As you complete your resume hoping to land a target position in the healthcare field, you’re making the most of every detail and every section. You’re polishing your summary, listing each of your education credentials as succinctly as possible, and of course, you’re presenting your work history in the clearest and most positive light. Here are a few simple moves that can help you discuss and describe your previous positions in a way that will grab your reader’s attention.
Choose Between Chronology and Relevance
As you document your past positions, you’ll need to organize them in order of relevance, or in order of most to least recent. If your last position involved responsibilities and accomplishments that directly reflect the needs of your target employers, choose chronology. If not, find the position that best matches your future plans and place this one at the top of the list.
Include Basic Responsibilities…But not too Many
For each previous position, list the title of the job you held followed by the name of your employer clinic, hospital, or company. Then briefly summarize your most important responsibilities in that role. But don’t add too much detail; in the healthcare field, the responsibilities of your job will usually be suggested by your title, and most hiring managers don’t need a long list of the basic tasks that fell under your purview. They also aren’t interested in hearing that you’ve been executing the minimum. Instead, keep those details brief and emphasize the special accomplishments you completed in this role, including projects you spearheaded, ideas you suggested, and teams you led.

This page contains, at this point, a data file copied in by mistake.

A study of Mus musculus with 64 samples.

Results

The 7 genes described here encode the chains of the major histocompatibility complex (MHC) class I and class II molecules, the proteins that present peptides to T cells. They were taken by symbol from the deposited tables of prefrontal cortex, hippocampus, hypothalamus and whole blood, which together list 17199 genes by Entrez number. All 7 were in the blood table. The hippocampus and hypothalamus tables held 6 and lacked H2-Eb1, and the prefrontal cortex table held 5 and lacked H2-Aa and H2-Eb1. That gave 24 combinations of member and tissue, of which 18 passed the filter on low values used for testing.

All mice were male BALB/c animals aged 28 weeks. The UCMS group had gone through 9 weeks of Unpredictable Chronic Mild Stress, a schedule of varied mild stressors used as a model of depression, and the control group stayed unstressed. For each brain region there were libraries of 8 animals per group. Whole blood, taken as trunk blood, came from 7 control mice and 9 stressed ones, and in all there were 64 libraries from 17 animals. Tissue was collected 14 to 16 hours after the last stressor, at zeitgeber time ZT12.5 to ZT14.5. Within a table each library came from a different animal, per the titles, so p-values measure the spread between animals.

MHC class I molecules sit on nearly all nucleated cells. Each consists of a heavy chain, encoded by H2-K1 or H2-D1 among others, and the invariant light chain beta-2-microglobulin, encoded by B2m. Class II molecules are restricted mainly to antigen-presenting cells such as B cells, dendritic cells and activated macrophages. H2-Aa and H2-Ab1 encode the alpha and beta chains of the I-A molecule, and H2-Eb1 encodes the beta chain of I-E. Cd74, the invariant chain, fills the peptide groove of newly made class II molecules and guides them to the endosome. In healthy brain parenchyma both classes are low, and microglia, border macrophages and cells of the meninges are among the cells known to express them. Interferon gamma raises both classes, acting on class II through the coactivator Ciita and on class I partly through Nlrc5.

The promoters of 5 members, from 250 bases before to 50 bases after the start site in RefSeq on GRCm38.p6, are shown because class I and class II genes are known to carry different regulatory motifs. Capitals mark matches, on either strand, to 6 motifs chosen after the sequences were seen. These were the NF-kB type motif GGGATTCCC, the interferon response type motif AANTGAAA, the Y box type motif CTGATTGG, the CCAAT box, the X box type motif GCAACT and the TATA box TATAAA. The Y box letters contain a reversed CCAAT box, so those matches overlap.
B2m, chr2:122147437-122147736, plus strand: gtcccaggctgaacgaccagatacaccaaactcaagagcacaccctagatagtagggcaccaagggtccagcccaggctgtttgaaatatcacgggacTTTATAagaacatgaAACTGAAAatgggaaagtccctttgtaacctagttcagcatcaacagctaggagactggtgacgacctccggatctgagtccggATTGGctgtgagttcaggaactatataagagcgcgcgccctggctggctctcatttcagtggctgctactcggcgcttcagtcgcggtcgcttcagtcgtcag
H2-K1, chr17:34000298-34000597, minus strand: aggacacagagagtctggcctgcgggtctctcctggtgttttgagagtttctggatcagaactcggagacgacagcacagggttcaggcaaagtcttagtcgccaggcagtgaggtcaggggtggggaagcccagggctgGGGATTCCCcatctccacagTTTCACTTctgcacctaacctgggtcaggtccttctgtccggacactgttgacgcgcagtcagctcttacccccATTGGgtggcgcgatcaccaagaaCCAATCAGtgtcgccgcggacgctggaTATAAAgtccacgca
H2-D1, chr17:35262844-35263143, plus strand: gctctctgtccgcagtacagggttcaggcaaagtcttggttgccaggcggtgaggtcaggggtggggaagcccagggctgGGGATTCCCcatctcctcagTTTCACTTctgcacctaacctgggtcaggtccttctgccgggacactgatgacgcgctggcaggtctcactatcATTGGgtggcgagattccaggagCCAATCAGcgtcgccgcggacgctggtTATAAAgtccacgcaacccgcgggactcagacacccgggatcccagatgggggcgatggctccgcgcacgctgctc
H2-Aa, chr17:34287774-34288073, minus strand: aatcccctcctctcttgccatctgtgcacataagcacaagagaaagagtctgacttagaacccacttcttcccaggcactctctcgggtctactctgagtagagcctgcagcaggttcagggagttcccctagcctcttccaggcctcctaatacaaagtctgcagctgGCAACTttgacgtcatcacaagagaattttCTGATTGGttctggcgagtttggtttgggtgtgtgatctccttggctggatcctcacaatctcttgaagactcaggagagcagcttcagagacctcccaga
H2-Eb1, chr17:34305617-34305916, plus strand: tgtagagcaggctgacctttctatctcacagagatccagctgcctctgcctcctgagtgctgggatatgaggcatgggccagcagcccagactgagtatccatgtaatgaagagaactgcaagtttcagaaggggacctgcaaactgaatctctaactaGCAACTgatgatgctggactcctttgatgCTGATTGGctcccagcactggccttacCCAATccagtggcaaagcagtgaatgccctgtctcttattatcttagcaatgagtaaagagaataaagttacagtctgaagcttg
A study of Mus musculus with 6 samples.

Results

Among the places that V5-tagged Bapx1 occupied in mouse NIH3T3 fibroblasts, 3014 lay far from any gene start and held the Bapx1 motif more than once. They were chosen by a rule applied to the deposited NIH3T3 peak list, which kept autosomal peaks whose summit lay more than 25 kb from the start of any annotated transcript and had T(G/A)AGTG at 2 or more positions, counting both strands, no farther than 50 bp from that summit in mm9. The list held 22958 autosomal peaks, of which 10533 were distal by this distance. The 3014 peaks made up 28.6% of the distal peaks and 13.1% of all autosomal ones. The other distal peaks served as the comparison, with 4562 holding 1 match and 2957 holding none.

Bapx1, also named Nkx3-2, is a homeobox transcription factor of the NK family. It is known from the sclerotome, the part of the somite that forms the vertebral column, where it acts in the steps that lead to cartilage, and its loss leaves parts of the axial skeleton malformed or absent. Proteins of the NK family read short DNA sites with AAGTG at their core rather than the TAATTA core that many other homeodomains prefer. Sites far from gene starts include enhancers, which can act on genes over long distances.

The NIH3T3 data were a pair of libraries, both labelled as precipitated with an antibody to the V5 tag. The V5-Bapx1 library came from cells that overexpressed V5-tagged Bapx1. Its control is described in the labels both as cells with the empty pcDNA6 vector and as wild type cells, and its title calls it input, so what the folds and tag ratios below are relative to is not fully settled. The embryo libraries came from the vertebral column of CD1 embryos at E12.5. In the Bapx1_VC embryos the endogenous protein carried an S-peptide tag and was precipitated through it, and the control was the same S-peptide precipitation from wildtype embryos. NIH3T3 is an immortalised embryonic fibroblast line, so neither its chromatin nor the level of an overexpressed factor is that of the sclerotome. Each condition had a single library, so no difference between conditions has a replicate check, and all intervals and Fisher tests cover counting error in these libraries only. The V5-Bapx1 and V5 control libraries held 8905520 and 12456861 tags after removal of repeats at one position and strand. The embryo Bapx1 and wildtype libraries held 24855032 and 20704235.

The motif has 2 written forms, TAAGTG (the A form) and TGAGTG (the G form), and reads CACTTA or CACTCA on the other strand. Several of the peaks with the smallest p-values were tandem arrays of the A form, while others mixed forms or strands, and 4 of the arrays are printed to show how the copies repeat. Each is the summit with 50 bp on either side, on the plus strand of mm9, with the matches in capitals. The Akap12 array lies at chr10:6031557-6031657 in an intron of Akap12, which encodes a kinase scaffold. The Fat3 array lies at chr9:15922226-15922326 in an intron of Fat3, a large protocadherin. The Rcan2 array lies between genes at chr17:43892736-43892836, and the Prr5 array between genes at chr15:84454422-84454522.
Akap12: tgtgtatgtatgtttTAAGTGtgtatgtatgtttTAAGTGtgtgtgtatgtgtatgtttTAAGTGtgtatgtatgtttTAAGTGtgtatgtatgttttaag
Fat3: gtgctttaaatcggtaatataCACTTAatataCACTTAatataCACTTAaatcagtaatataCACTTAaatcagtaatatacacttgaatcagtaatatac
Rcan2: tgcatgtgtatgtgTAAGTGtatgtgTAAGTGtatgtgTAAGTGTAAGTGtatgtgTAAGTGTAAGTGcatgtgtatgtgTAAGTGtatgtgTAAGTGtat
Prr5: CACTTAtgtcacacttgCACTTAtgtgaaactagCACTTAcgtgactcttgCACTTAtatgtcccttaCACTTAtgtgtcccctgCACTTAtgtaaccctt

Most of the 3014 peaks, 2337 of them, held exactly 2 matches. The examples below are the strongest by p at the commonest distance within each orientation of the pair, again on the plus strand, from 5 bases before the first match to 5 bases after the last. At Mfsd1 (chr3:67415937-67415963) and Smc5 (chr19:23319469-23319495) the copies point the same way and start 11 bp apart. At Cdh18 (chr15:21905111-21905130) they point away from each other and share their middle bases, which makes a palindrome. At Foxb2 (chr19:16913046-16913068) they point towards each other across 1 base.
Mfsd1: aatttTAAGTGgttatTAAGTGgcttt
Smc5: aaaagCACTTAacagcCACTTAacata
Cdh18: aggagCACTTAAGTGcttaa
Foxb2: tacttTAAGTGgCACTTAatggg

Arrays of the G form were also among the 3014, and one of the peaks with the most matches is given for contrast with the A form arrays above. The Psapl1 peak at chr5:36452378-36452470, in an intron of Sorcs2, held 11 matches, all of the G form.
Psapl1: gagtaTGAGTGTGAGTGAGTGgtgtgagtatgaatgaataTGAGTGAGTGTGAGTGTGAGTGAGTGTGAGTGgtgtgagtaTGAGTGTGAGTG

Quantify Your Work
As you list your accomplishments, add numbers everywhere you can. For example, if you led a team, how many people were on that team? If you reached a quota or surpassed a goal, what was the goal and by how far did you exceed it? If you have an excellent record regarding patient safety, outcomes, or performance reviews, frame that record in terms of numbers. This will make your claims easier for your readers to process and remember.
Keep it Short
For most candidates, the work history section will take up the largest of amount of real estate on the page. So make the best possible use of every line that’s include in this section. Convey lots of meaning in minimal space, and don’t let your resume extend beyond the length of two pages.
Align Your Work History with Your Cover Letter
Make sure that the work history section of your resume tells a story that harmonizes with the story you tell in your cover letter. If both of these sound like they’re written by the same person with the same goals, ambitions and skill sets, you’ll have a better chance of landing the attention you need.
For more on how to create a resume that stands out and leaves the competition behind, contact the experts at SCP.